Japan considers cheap-loans plan to support military aircraft exports
Japan is considering providing low-interest loans from a state-run bank to support exports of aircraft designed for military use.
It is the first time such sales are being considered since the end of the second world war, according to officials with knowledge of the proposed policy.
The step would mark an extension of Prime Minister Shinzo Abe's efforts to bolster the self-reliance of Japan's military and could open an overseas market worth tens of billions of dollars in coming years for the country's defence contractors.
It would also mark a sharp reversal of the near-total ban on exports of military equipment, a development that could strain ties with China as a more assertive Japan seeks a market for military technology in Asia and beyond.
Two of the initial test cases for Japan's policy shift are likely to be the C-2 military transporter, built by Kawasaki Heavy Industries, and ShinMaywa Industries' US-2 amphibious plane, according to three officials involved.
Both companies are looking to export civilian versions of the aircraft, which would allow them to avoid the ban. Both have also enquired about the Abe government's willingness to provide finance to help close sales against established aircraft makers.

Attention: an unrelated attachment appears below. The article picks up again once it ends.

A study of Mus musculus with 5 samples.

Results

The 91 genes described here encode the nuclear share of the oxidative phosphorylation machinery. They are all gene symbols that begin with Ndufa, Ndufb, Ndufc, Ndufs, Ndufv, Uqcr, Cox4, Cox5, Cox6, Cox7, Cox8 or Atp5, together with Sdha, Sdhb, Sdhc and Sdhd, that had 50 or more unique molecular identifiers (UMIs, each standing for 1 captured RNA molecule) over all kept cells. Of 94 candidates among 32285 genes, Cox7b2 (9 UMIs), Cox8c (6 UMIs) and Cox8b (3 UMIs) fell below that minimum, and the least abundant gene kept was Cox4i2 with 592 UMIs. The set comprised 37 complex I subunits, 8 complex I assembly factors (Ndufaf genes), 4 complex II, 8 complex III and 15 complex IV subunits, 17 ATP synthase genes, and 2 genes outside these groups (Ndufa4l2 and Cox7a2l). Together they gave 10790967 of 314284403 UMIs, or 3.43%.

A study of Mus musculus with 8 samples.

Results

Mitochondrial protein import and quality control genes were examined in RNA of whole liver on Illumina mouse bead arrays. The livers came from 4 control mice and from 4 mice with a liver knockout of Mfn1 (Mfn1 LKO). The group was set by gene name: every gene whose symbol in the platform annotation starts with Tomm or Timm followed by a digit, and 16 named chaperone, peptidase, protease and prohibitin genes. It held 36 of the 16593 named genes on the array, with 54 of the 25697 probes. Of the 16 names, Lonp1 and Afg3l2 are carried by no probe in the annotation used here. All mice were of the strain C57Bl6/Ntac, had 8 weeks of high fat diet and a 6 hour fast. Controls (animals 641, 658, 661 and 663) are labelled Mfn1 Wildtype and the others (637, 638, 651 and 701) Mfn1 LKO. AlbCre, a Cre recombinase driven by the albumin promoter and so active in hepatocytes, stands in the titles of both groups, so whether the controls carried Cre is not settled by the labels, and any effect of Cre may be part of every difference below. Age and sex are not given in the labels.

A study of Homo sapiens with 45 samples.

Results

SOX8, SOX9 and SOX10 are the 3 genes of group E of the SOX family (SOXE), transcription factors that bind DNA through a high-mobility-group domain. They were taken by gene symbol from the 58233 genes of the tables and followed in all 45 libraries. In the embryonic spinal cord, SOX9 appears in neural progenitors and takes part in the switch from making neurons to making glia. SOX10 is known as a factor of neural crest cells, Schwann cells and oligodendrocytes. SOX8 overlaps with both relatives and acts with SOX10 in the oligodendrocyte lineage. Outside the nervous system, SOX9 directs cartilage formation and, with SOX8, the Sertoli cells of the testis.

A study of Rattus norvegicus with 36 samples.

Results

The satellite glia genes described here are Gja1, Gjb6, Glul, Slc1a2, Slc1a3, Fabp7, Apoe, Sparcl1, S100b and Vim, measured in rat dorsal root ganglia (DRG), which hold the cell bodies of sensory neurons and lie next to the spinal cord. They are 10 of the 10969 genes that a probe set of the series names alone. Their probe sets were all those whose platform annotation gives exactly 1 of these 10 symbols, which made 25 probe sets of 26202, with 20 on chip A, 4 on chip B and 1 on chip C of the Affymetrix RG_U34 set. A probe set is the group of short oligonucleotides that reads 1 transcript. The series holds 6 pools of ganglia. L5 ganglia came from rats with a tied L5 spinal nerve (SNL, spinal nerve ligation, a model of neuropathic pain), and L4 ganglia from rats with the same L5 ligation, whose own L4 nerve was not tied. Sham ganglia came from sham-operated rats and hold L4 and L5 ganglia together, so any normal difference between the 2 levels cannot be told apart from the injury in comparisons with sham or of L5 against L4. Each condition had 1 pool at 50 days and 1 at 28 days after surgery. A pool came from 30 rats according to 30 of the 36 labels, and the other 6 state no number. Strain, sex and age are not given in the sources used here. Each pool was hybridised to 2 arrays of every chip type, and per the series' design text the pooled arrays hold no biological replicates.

In one partial precedent, Japan has extended overseas development assistance to the Philippines and Indonesia to help them buy Japanese-built ships for coastal patrols.
But the rules of Japan's US$17 billion annual oversease development assistance programme forbid military support. Japan's government approved the aid after winning assurances that the boats would be used only to counter piracy and terrorism and after winning an endorsement from the United States.
A more likely option for aircraft exports, according to the officials, would be low-interest loans from the Japan Bank for International Co-operation (JBIC) to the buyers.
Masanobu Oogaki, a project manager at Kawasaki's aerospace division helping oversee the C-2 project, said officials led by the Ministry of Economy Trade and Industry had discussed seeking JBIC loans for the military transporter once the firm had a potential overseas buyer.
JBIC typically charges interest of just over 1 per cent on a loan of less than five years.
ShinMaywa's US-2, used for search and rescue, may be the first Japanese military-designed plane to win an overseas order. Negotiations with India's military for what would be the first sale are already under way.
The plane, which could be outfitted for firefighting or as a kind of amphibious hospital, costs an estimated US$110 million per unit. An official at India's Defence Ministry confirmed that India has shown an interest in buying the US-2 but said no decision had been made.
"Our policy-makers are still assessing how far it would be relevant to Indian conditions," the official said.